Category: Life As I Know It | Posted: Mon Nov 23, 2020 10:16 am


The air was cold and crisp on that December morning. The teenager stood on the old dirt road at the edge of the woods and strained to listen for the dogs. They should have been released by now, but why couldn't he hear them? He lifted up his Marlin 30-30 rifle, placed the cold stock next to his cheek and aimed at a pine tree. As he touched the trigger he whispered, "Pow," and jerked back on the rifle as if it had kicked. He continued whispering to himself, "You got him! You got him! That's the biggest deer I've ever seen. I'll bet it's the biggest deer in Florida."

He ran through the kill in his mind. He could almost see his grandfather's smile and hear his prideful voice, "Nice shot boy. I always knew you'd get a big one."

He was grinning widely, lost in his daydream when he heard the sound of something walking in the woods. The hair on the back of his neck stood up and his senses became acutely aware of everything around him. He felt the adrenaline kick in and his heart began to beat wildly. For a moment he stood there frozen, just listening. The sound stopped. Then, it started again. It was definitely coming from behind him. He turned around slowly. On one side of the road were open woods, but on the other side was a fence that marked some posted property. The sound was coming from the posted property.

He made his way up to the fence quietly, hoping to sneak up on whatever was making the noise. It seemed to be coming from behind a large palmetto bush and it was getting louder. Maybe it was a big buck, marking his territory. With his gun up to his shoulder and his heart beating out of his chest he crept along the road to the right of the palmetto bush. The 30-30 felt heavy and his hands were cold, but he pushed on silently, stalking the big game. Seconds seemed like hours as he moved at a painstakingly slow pace. Finally, he caught some movement and pulled the rifle close to his shoulder, bracing for the shot... but it wasn't a deer. It was an armadillo!

He was disappointed and embarrassed at the same time. How could he have mistaken an armadillo for a deer? He thanked God that his grandfather hadn't been there to witness everything. He watched with amusement as the creature moved along, stopping every once in a while to dig something up out of the ground. It was interesting for a while, but it soon became downright aggravating. He picked up a stick and threw it at him, but the armadillo wouldn't move. Then, he found a rock and threw it, but once again it ignored him.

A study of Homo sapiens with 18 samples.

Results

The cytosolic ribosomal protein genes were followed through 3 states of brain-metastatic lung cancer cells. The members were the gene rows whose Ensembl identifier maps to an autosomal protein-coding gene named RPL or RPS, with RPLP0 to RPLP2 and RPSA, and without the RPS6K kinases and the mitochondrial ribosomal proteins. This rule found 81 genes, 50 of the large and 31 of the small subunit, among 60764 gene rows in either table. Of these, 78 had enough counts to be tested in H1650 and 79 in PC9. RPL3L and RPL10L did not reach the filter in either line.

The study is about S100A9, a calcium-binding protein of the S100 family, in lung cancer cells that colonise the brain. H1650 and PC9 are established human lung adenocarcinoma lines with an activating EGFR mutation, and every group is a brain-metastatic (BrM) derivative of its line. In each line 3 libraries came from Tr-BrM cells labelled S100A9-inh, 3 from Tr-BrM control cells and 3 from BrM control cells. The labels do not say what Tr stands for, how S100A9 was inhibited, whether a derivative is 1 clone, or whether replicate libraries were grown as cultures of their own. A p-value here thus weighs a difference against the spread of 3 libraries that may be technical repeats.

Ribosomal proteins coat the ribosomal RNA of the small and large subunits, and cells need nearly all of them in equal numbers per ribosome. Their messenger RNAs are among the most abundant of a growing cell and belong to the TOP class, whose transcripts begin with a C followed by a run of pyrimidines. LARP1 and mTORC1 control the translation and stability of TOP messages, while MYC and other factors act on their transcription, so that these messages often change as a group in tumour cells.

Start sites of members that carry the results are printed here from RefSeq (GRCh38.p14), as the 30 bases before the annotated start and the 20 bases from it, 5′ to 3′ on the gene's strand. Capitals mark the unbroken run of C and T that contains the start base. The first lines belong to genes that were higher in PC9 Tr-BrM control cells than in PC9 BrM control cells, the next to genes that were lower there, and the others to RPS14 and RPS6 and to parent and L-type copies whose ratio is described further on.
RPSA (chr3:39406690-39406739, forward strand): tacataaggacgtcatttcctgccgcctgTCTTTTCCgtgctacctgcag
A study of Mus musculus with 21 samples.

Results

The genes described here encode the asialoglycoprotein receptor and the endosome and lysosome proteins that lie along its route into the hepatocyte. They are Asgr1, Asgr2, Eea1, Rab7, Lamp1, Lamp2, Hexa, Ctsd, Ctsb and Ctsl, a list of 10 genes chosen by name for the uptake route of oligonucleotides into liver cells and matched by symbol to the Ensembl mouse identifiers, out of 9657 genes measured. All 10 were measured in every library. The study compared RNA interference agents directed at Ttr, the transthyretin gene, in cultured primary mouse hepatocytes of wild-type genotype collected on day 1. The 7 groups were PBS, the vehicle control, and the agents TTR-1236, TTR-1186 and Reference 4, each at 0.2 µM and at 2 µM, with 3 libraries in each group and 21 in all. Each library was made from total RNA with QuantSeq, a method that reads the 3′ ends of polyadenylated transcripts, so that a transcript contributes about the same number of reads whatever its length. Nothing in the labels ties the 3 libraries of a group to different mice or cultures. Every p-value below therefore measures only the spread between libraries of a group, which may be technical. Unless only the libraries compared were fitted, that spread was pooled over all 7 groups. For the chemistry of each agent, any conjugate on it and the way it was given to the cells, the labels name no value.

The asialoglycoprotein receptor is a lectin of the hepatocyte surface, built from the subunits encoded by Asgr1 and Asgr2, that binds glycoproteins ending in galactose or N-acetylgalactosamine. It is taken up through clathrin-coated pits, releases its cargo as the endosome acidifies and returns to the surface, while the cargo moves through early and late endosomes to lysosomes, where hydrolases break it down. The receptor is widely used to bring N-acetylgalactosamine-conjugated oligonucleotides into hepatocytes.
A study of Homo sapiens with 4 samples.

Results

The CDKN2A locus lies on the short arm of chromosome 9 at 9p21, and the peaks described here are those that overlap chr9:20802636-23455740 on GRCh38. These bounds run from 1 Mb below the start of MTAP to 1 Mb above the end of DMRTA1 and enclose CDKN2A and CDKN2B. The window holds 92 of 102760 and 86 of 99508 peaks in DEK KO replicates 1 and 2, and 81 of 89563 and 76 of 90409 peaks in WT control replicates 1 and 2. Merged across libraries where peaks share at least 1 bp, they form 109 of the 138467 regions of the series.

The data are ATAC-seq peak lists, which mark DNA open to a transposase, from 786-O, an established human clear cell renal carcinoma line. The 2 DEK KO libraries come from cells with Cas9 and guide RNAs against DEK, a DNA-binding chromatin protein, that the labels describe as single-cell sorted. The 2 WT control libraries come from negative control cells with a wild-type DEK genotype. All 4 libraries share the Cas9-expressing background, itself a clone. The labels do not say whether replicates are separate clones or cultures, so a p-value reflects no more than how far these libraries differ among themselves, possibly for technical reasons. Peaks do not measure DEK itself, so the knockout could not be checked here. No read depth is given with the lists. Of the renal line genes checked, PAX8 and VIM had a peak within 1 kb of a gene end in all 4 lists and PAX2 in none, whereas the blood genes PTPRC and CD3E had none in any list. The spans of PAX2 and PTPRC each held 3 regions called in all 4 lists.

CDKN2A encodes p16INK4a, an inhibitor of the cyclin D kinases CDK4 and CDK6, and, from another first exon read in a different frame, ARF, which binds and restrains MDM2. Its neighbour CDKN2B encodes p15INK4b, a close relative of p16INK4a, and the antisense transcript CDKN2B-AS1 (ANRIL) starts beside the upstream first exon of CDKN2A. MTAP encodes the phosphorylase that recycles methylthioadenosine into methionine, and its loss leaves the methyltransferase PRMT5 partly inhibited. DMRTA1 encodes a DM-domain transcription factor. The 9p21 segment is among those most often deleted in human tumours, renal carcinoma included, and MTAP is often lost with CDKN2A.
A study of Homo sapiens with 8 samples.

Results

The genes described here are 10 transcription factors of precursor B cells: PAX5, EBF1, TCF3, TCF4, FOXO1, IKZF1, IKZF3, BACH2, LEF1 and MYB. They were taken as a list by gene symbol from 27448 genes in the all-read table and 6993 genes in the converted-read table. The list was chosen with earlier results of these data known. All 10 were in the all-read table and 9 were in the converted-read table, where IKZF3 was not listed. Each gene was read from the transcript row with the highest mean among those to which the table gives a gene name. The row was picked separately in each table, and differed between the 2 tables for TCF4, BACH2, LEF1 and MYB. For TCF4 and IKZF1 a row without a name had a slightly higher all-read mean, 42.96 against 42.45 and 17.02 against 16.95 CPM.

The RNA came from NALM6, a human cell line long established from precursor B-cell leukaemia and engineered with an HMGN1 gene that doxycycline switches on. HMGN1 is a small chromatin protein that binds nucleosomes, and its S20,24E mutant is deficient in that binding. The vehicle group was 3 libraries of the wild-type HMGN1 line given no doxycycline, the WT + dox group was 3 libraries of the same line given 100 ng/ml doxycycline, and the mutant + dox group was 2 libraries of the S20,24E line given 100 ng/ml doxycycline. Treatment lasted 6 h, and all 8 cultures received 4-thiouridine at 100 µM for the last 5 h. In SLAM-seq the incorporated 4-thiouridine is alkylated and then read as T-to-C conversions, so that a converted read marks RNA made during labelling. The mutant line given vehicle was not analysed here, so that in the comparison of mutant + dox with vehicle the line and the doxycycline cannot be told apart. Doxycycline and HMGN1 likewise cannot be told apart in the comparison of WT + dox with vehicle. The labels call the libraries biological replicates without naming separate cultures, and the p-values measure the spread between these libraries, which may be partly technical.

Then, a warm smile came across his cold face. He hadn't heard the dogs in a while. They must have run the deer the other way. That meant everyone else was in a different part of the woods by now. He was sure he could squeeze off a shot without anyone ever knowing about it. His smile broadened as he once again brought the rifle up to his shoulder and pointed it at the armadillo. He placed the sights on the armored, gray back of the pesky animal and moved the safety. Gently, just like his grandfather had taught him, he squeezed the trigger.

The roar of the shot echoed through the woods. The boy looked and saw the armadillo bounding off. He was scared to death, but totally untouched by the bullet. Then, he heard something that completely erased the smile from his face. A truck started up and he recognized it right away. It was his grandfather. He would be coming to see what he had shot at. How was he ever going to explain this?

That boy was me over forty years ago. I could never lie to my grandfather so when he got there I did the only thing that I could do, I told him the truth. I'll never forget the look on his face when I told him that I shot at an armadillo. He chewed me up one side and down the other and then, after a moment of silence, he said, "Well, I hope you at least killed it."

When he found out that I missed he chewed me out again.

Thanksgiving always reminds me of going hunting with my grandfather. As a kid I can’t think of anything that I looked forward to more than spending the night with him the night before a big hunt. I'd wake up to the sound of the hot water pot whistling and then he'd make me a cup of Folgers instant coffee. That's the only time that I ever got coffee and it always made me feel so grown up to sit there and drink a cup with him. Then, we'd get into the truck, turn on the CB radio to find out what the other hunters were up to and head out to start looking for deer tracks. I can still hear him humming as we go down the road and I can see him rolling down the window a little to let the cigarette smoke out. He had told my grandmother that he stopped smoking, but she never believed him. So, he would sneak cigarettes whenever she wasn’t around. It was a silly little game they played, but it makes for great memories.

Yes, Thanksgiving holds many fond memories for me. Now, I hear that some states are trying to cancel Thanksgiving altogether because of Covid-19. How is that good for anyone? How do you cancel Thanksgiving?